From 4 to 5 p.m. on Wednesday at the Lasch Building, Penn State wide receiver Juwan Johnson had some fun. When he wasn’t pulling for his teammates, the redshirt junior chatted with quarterback Trace McSorley and danced alongside DeAndre Thompkins between sets.
Johnson had reason to be happy. With 30 sessions down and only two to go, he was one of the Nittany Lions’ top winter workout performers.
Penn State strength and conditioning coach Dwight Galt named Johnson and four other Nittany Lions when asked who fit in his yearly top tier.
Who else made the list? And what did Galt say about each player? Find out below:
DaeSean Hamilton — who’s set to showcase his skills at this weekend’s NFL Combine — was lauded year after year for his work ethic and the example he set in Penn State’s wide receivers room.
Well, in Galt’s eyes, “DaeSean Hamilton kind of left his legacy with Juwan Johnson.”
“He is a trained killer,” Galt added. “He’s done a great job, and he’s one of our top, top guys.”
It should come as no surprise that Johnson is embracing more responsibility. The New Jersey native was Penn State’s second-leading receiver in 2017 with 701 yards on 54 catches.
With Hamilton, Saquon Barkley and Mike Gesicki gone, Johnson should be McSorley’s No. 1 option in 2018.
Lamont Wade, safety
Wade — potentially one of Penn State’s starting safeties next season — has added to the fine work he put in as an early enrollee.
The Clairton native, who has put on six pounds of muscle since arriving in Happy Valley, “did a nice job” in 2017’s winter workouts and has “done a great job” this go-round.
“He’s like a piranha in a small pool right now,” Galt said. “He’s really been phenomenal.”
On Wednesday, Wade — who appeared in 12 games last year, making 31 tackles — looked like a guy ready to take on a bigger role.
Will Fries, offensive tackle
Fries impressed at last year’s winter workout media availability — and Galt said it’s been more of the same in recent weeks.
The strength coach said Fries “did a really good job” along Penn State’s offensive line in 2017, racking up nine starts in 12 appearances as a redshirt freshman.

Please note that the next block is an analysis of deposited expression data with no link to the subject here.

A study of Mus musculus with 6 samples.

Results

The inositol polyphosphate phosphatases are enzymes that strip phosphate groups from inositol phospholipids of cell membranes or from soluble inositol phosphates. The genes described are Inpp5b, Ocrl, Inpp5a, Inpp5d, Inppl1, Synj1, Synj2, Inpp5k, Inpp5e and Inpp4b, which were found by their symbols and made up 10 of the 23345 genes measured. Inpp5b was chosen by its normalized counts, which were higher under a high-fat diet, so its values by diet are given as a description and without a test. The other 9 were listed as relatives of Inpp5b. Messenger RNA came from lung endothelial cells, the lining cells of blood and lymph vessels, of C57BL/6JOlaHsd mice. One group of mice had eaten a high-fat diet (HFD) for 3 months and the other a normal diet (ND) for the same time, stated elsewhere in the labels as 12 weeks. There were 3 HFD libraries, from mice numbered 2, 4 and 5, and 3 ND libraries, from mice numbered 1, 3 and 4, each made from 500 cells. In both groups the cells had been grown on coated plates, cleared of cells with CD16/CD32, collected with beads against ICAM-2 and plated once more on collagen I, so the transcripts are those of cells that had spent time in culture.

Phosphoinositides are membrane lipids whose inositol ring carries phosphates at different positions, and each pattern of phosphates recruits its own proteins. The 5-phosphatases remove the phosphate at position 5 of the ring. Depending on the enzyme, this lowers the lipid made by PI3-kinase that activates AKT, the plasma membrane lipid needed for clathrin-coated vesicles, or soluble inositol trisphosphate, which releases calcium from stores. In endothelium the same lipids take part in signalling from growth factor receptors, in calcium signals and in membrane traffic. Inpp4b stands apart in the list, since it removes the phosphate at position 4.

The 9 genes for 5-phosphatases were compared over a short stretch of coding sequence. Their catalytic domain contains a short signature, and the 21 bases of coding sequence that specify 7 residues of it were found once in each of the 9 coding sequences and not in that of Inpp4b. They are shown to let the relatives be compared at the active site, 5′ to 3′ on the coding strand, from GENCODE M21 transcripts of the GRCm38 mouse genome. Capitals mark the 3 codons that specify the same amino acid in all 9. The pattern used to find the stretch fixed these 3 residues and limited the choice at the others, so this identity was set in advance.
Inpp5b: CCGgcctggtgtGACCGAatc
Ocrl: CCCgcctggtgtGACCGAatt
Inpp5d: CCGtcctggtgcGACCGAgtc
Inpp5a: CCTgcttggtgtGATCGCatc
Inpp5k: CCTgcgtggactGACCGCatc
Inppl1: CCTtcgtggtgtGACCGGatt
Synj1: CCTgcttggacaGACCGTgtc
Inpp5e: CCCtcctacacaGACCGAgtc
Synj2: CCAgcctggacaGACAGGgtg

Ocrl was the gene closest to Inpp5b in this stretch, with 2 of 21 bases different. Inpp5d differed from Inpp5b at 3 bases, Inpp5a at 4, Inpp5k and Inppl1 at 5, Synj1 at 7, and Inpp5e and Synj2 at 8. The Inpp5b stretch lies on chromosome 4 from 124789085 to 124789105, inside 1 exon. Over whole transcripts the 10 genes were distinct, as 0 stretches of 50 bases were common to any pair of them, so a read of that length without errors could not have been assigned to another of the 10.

Fries’ future continues to look bright.
Danny Dalton, tight end
Penn State needs a replacement for Gesicki, and Dalton could be an option.
“Danny Dalton has been phenomenal,” Galt said of the redshirt sophomore. “He works hard at everything he does.”
A former Massachusetts product, Dalton was highly regarded when he came to Happy Valley. The four-star prospect had 49 catches, 702 yards and 11 touchdowns as a senior at Marshfield High School.
But he has yet to play for the Nittany Lions. Dalton redshirted in 2016 and didn’t see any game action a year ago.
He will be in competition with Jonathan Holland, Nick Bowers and freshmen Zack Kuntz and Pat Freiermuth for Gesicki’s open job.
John Petrishen, safety
This final pick by Galt is a name not heard in quite some time.
Like Dalton, Petrishen has yet to play a down for the Nittany Lions. A former first-team all-state prospect out of Central Catholic in Pittsburgh, the redshirt junior has been “dinged his entire career.”
But Galt believes Petrishen “has really paid his dues.”
“He’s had a number of different situations,” the coach added, “but this winter he’s been healthy and he’s really been doing a great job.”
When spring practice opens on March 19, Petrishen will compete for two starting safety jobs with Wade, Nick Scott, Ayron Monroe, Garrett Taylor and freshmen Jonathan Sutherland and Isaiah Humphries.